Britons Think NHS Should Only Fund Abortions in Emergency Cases

Almost half of respondents—and three-in-five women—believe the current time limit of 24 weeks to terminate a pregnancy should be reduced.

Most people in Britain are willing to modify existing guidelines related to the funding of abortions in the country, a new Angus Reid Public Opinion poll has found.

In the online survey of a representative sample of 2,018 British adults, three-in-ten respondents (30%) think the National Health Service (NHS) should fund abortions whenever they are requested, while a majority (56%) believe the NHS should only fund abortions in the event of medical emergencies, and six per cent want the NHS to never fund abortions.

In the United Kingdom, it is only legal to have an abortion during the first 24 weeks of pregnancy, provided that certain criteria are met. Almost half of Britons (48%) believe the time limit on abortion should be reduced to less than 24 weeks, just over a third (36%) think the current guidelines are adequate, and three per cent would extend the time limit to more than 24 weeks.

When asked about their personal feeling on abortion, three-in-ten respondents (31%) believe abortion should be permitted in all cases, while a slightly larger proportion (35%) would subject the procedure to greater restrictions than now. One-in-five Britons (21%) would permit abortion only in cases of rape, incest and to save the woman’s life, while one-in-twenty (5%) would allow pregnancy termination only to save the woman’s life.

A majority of Britons (57%) believe abortion should be legal only under certain circumstances, while one third (33%) think the procedure should be legal under any circumstances. Just four per cent of respondents would make abortion illegal under any circumstances.

Half of Britons (49%) believe women under the age of 18 should require the consent of their parents or legal guardians in order to have an abortion, and two-in-five (40%) think women in the United Kingdom have access to enough information about alternatives to abortion, such as adoption or counselling.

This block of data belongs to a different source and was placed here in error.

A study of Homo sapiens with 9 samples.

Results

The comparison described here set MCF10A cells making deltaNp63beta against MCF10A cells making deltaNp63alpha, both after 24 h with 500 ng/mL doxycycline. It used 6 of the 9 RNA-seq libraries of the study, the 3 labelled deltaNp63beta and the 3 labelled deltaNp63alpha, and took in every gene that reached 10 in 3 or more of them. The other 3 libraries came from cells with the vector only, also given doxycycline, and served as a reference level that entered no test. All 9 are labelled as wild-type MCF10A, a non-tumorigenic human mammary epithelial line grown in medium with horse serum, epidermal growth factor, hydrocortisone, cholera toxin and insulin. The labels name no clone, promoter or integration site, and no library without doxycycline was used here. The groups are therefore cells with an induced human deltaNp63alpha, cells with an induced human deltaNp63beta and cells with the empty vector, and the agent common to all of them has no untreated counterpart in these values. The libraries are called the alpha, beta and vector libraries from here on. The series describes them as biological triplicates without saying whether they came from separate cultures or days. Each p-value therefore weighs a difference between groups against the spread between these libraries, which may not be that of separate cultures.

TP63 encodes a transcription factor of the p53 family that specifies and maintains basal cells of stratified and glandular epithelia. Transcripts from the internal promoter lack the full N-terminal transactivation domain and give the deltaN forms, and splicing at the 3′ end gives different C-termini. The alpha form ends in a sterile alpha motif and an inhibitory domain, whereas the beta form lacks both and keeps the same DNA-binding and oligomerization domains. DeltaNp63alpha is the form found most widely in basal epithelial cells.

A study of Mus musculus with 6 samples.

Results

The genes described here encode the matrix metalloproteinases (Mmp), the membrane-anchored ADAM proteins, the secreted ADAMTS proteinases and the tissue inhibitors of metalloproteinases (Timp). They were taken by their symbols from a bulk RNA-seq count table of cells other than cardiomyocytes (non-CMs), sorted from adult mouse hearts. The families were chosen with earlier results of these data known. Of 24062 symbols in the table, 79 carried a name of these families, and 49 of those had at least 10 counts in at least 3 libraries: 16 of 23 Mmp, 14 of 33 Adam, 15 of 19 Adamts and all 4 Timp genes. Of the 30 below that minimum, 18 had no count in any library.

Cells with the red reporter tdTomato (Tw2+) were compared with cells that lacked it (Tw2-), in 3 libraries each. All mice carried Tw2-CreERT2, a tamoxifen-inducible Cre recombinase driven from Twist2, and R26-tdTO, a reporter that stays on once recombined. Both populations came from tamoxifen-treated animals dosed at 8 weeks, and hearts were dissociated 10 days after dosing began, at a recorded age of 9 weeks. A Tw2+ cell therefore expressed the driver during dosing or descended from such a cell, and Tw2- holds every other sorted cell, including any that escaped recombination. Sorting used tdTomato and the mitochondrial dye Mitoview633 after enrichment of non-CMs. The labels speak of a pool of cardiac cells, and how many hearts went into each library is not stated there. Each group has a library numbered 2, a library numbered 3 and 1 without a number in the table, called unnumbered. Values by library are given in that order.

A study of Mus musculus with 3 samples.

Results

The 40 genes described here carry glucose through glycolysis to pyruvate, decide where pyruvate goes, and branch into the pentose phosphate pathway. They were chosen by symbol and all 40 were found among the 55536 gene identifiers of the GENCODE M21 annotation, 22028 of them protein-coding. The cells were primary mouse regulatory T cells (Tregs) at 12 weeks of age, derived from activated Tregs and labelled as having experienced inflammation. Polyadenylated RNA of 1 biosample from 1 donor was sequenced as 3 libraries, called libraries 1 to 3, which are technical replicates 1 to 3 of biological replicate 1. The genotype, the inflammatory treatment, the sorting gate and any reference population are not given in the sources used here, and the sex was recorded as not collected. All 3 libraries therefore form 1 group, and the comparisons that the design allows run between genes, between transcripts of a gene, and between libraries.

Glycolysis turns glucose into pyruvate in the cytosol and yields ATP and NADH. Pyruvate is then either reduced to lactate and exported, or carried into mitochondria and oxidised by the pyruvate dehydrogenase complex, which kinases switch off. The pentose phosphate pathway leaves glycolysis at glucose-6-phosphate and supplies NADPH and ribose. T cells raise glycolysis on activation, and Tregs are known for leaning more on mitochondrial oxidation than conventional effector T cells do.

Respondents are divided on whether a debate on abortion is warranted, with 42 per cent saying that there is no point on re-opening this issue, and 40 per cent thinking a discussion on abortion in the UK is long overdue.

Gender Differences

The views of men and women do not go through any dramatic fluctuations on the personal feeling and legality questions. When it comes to the role of the NHS, men are more likely than women (59% to 53%) to endorse the idea of abortions only being funded in the event of medical emergencies. Male respondents are also more likely to call for women under the age of 18 to have the consent of their parents or legal guardians in order to have an abortion (52% to 45%).

The biggest gender gap is on the time limit question. Only one third of men (35%) would reduce it to less than 24 weeks, while three-in-five women (59%) are in favour of a reduction. Women are also more likely to call for re-opening the debate on abortion than men (44% to 37%).

Download Full Tables

Download Full Methodology Statement

Full Report, Detailed Tables and Methodology (PDF)

CONTACT:

Mario Canseco, Vice President, Angus Reid Public Opinion
+877 730 3570
mario.canseco@angus-reid.com

Methodology: From March 6 to March 7, 2012, Angus Reid Public Opinion conducted an online survey among 2,018 randomly selected British adults who are Springboard UK panelists. The margin of error—which measures sampling variability—is +/- 2.2%. The results have been statistically weighted according to the most current education, age, gender and region data to ensure samples representative of the entire adult population of Great Britain. Discrepancies in or between totals are due to rounding.